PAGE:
Mostly, the phrase is a joke from a Social Studies class test gone wrong. Now, has this ever happened to you:
- You're going through a test and BAM, there’s a word scramble. You frantically try to figure out the words. You had a triple-shot Gear Grinder at the coffee shop before class, and your brain is filled with the buzzing of a hundred angry wasps. Despite the onset of caffeine toxicity most of the words are obvious to you: oaptonmaoeio is onomatopoeia, and souuctafnca is anfractuous.
- But the last item in the scramble is croepp tolos! You have never seen words like this. It is a veritable conundrum, you think, even though you have never figured out what conundrum means. You are 65.78642% sure the first word is copper, but the second word is definitely 100% stool. Or is it? The wasps in your brain are buzzing louder and louder, you can feel the pupils of your eyes vibrating, and the goggles -- they do nothing.
- Later that week when you get your test back, you find you have missed only one. What could it be? With trembling hands you flatten the test paper on your desk. With trembling eyes you scan down the questions. Of course you missed the one word-scramble you had to guess about. Oh my God, you think, it's croepp tolos! It should have been copper tools instead of copper stool. Now you remember the teacher mumbling something like "the Sumerians used copper tools to flense their xinthorps" just before Lisa Chestersoft turned around, pulled up her sweater, and flashed the back half of the classroom. You had completely forgotten the damned Sumerians and their accursed copper tools.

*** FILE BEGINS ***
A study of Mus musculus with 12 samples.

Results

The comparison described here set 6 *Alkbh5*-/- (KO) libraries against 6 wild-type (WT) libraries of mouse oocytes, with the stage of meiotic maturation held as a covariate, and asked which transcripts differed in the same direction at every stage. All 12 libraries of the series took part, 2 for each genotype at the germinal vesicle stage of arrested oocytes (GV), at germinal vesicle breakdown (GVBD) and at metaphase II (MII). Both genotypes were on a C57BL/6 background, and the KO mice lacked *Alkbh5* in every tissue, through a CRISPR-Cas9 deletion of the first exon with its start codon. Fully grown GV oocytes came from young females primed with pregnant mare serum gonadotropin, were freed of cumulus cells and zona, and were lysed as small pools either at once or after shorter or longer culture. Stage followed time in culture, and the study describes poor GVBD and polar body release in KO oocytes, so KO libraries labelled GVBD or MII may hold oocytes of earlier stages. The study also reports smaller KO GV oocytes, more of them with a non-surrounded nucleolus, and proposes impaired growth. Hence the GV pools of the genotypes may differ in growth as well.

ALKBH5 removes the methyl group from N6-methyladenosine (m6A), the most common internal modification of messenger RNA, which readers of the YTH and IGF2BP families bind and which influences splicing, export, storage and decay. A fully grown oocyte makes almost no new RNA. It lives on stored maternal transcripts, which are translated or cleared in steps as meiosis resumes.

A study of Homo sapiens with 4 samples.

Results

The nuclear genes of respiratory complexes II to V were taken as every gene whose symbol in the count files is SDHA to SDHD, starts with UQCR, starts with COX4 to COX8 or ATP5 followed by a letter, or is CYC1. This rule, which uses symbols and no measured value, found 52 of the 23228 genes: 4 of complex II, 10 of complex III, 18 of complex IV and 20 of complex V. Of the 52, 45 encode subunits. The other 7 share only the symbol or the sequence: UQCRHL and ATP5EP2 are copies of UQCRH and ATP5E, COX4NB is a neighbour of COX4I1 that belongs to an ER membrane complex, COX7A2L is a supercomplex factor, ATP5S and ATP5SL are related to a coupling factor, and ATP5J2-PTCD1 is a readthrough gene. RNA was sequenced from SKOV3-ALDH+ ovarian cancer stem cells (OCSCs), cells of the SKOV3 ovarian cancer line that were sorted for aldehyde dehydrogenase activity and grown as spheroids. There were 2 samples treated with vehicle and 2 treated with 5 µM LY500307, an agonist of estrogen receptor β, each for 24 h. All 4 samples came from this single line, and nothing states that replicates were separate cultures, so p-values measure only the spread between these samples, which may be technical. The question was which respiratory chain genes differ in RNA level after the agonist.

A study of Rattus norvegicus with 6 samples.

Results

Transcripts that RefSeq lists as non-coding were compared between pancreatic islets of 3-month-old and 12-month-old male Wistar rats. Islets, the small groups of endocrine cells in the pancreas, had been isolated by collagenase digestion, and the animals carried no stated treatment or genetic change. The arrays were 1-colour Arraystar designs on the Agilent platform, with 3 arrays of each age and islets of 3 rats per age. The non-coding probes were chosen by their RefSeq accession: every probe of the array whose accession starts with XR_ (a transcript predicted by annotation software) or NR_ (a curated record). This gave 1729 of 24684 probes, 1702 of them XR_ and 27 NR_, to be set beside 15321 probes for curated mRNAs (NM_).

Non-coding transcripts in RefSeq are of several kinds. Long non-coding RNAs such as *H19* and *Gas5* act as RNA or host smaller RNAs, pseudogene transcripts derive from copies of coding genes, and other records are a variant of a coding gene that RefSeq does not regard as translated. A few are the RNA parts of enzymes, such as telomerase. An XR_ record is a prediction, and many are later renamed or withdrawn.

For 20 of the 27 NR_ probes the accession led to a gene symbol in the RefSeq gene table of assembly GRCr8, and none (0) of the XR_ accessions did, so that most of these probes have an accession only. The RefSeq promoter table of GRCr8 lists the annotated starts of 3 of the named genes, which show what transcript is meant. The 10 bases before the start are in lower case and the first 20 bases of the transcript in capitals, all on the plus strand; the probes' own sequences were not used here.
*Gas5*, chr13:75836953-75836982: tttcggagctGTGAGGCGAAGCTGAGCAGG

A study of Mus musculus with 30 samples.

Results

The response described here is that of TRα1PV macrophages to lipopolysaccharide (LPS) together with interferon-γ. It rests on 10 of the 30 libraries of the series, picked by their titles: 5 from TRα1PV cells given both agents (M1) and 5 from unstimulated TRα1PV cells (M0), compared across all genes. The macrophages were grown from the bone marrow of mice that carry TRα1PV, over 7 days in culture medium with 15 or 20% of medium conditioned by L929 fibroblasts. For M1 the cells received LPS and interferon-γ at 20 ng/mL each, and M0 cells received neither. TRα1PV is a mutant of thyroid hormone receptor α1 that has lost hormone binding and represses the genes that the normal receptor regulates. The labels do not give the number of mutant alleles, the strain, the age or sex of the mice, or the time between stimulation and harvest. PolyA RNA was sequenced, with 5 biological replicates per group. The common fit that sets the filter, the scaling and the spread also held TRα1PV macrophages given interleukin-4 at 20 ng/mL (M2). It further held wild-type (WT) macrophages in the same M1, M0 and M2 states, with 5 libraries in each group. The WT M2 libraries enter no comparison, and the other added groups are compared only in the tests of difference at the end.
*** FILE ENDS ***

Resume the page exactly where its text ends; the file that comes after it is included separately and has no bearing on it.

History of the Stool
The Sumerian invented the copper stool at the close of the second millennium BC. Using primitive copper tools they fashioned a restful, backless seat upon which they could sit and spin. Since chrome had not been invented they put a copper rim around the seat.
This, then, was the first copper stool.
The useful and comfortable seating device soon found its natural place in the bars and bistros of ancient Sumer. It was perfect for the rowdy drunks of the countryside, who loved to spin each other around and shout such primitive expletives as "Wheeeee!" and "Yaaaaay!"
But the Israelites, a dour and serious people, had little tolerance for copper stools. Indeed, the prophet Jehaphu inveighed against them, as recorded in the Book of Jehaphu.
- 1 Jehaphu 7:
- 1 So sayeth the Lord: If ye be of righteous nature then whence cometh mirth?
- 2 For lightheartedness shall be far off from you when God shall speak in your heart, and if you be righteous then the Lord shall speak in your heart, most probably in your left ventricle.
- 3 But if ye be unrighteous in the Lord, then shall mirth come upon you: for it is not of the Lord.
- 4 So if ye be of righteous nature, then whence cometh mirth?
- 5 Yea, I shall tell you whence cometh mirth: it cometh from sitting on a copper stool and spinning.
- 6 Therefore sit ye not upon the copper stool, and spinneth not, no, not even when seated upon a wicker stool or even on a plain wooden chair.
- 7 Thus it is written: thou shalt not sit and spin. Hey, are you listening? Get off that stool! DAMMIT! I swear to God, you kids haven't heard a single word I've said!
- 8 Amen.
Today the copper stool has largely given way to the chrome barstool, the wooden swivel-chair, and the Norwegian horse-hide wedgie-seat. Only in the wilds of Siberia may one still find, in some lonely saloon or kabak, a row of tarnished and old-fashioned Sumerian copper stools.